The National Centre for Pharmacoeconomics (NCPE) has recommended that erenumab be considered for reimbursement for chronic migraine if cost-effectiveness can be improved relative to existing treatments.

In August 2018, the NCPE recommended a full health technology assessment (HTA) for erenumab, indicated for the treatment of chronic and episodic migraine in adults who have at least four migraine days per month when initiating treatment with the medication.

On 30 September 2019, the NCPE completed its review of the treatment. For episodic migraine, the NCPE recommended that erenumab not be considered for reimbursement.

In a written response to a parliamentary question (PQ) on the matter from Independent Deputy Michael Lowry, the Minister for Health Simon Harris said the final decision will take into consideration the NCPE’s recommendation and the statutory criteria contained in the 2013 Health Act.

Minister Harris pointed out in April 2019, the NCPE recommended a full HTA for fremanezumab, indicated for prophylaxis of migraine in adults who have at least four migraine days per month. On 26 September 2019, the NCPE received a submission from the manufacturer and its assessment is ongoing.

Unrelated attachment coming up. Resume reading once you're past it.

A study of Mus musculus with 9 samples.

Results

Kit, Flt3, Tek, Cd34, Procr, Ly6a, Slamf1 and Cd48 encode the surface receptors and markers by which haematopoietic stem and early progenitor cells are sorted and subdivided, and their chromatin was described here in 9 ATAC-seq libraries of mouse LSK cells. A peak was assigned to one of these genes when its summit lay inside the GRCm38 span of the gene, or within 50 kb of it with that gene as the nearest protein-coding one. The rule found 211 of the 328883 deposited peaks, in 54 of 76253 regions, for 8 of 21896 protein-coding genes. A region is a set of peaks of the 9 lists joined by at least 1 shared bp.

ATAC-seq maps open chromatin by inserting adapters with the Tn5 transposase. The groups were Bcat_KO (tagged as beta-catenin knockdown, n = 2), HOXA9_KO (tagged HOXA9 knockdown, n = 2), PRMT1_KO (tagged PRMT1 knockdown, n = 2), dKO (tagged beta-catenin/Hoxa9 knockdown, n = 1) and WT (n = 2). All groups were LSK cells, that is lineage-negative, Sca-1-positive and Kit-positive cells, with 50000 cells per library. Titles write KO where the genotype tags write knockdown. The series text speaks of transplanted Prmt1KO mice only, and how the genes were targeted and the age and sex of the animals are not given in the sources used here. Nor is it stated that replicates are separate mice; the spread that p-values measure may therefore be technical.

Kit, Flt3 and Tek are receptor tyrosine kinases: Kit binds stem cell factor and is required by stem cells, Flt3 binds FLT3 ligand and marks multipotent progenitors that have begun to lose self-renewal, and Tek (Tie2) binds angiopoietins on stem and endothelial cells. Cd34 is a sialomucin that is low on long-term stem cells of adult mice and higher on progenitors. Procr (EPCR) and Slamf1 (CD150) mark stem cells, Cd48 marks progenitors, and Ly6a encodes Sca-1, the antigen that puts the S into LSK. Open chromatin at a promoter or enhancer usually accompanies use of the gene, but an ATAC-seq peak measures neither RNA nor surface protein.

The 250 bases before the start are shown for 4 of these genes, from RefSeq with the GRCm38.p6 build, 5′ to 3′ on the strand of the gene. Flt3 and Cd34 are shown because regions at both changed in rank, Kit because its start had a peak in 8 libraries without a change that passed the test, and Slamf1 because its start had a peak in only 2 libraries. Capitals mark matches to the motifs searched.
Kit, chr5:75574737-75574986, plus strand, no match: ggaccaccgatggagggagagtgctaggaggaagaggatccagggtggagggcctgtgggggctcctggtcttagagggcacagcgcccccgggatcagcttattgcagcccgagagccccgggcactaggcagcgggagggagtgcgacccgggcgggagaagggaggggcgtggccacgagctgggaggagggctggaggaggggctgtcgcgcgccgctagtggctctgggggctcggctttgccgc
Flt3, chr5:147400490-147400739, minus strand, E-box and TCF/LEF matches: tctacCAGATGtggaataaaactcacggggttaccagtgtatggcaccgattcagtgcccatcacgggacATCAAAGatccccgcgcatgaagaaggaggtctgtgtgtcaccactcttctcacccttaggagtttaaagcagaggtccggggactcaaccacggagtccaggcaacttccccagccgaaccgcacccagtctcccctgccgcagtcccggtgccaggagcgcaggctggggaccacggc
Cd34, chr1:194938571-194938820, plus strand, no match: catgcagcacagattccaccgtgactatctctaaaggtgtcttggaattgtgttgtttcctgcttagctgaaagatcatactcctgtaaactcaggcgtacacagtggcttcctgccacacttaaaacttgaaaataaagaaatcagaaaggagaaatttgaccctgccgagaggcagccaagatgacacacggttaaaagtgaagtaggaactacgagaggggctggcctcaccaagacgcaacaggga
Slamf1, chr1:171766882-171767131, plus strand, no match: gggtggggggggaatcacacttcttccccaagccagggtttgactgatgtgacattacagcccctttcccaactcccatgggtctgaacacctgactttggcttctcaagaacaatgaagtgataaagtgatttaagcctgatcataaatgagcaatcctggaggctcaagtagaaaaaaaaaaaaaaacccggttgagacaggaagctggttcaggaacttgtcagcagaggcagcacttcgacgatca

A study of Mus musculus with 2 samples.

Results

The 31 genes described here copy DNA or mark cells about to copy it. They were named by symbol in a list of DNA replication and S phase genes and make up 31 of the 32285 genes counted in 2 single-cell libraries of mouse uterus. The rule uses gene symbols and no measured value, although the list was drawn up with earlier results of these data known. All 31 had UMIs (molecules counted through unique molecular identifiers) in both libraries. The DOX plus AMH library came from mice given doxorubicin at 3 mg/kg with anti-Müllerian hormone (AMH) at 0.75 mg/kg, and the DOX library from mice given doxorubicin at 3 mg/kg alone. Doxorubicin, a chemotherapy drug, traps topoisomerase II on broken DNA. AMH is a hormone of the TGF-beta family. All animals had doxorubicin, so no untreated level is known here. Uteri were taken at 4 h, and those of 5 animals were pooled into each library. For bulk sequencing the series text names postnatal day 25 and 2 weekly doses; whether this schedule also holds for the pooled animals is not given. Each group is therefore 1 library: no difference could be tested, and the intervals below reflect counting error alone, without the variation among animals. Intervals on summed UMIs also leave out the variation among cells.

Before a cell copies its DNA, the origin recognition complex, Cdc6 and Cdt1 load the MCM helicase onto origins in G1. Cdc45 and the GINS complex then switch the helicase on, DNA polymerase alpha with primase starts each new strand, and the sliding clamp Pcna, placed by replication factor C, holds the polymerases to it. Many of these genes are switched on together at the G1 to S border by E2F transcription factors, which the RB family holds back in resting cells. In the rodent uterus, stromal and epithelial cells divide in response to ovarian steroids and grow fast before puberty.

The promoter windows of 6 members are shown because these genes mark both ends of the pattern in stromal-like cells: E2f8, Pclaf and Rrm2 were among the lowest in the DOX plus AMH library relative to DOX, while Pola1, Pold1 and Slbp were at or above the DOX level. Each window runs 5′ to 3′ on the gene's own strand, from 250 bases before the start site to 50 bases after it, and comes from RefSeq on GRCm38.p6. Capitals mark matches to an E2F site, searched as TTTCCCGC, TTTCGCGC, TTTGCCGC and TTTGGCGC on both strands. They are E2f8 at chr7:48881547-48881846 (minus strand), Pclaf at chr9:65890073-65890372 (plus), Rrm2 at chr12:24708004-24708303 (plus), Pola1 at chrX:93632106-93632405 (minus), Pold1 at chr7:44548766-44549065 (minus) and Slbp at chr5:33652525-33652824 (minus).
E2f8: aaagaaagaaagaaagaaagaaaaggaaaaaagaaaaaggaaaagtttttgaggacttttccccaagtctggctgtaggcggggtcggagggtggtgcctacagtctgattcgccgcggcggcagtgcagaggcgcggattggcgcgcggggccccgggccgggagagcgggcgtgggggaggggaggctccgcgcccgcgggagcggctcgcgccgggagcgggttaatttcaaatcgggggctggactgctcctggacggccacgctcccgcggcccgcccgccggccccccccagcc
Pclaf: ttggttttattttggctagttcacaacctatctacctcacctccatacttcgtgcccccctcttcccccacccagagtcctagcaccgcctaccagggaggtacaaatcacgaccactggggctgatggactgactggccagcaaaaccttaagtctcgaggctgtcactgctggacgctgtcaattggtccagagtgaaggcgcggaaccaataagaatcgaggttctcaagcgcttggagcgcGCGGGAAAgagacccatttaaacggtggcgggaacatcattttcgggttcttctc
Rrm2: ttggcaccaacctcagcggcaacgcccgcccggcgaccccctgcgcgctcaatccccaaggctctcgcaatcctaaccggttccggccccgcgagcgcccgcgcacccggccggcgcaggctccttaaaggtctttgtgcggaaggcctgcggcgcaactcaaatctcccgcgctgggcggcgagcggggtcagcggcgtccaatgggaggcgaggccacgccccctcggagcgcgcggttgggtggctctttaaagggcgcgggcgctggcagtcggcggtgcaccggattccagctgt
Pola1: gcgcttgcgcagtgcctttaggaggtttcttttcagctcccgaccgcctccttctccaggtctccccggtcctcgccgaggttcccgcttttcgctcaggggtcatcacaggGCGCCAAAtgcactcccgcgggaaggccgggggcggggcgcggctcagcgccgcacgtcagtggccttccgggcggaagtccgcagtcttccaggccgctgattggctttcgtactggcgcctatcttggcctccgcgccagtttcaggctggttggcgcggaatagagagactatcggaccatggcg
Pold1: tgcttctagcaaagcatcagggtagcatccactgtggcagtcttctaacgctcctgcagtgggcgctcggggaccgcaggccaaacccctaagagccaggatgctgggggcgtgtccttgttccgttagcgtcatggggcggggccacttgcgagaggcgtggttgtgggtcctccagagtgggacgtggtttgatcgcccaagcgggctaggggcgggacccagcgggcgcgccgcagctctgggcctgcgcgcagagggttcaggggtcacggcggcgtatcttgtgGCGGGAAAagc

“As outlined in the Framework Agreement on the Supply and Pricing of Medicines, and in line with the 2013 Act, the HSE will decide, within 180 days of receiving the application (or a longer period if further information is sought from the company), to add the medicine to the reimbursement list, agree to reimburse it as a hospital medicine or refuse to reimburse the medicine,” stated the Minister.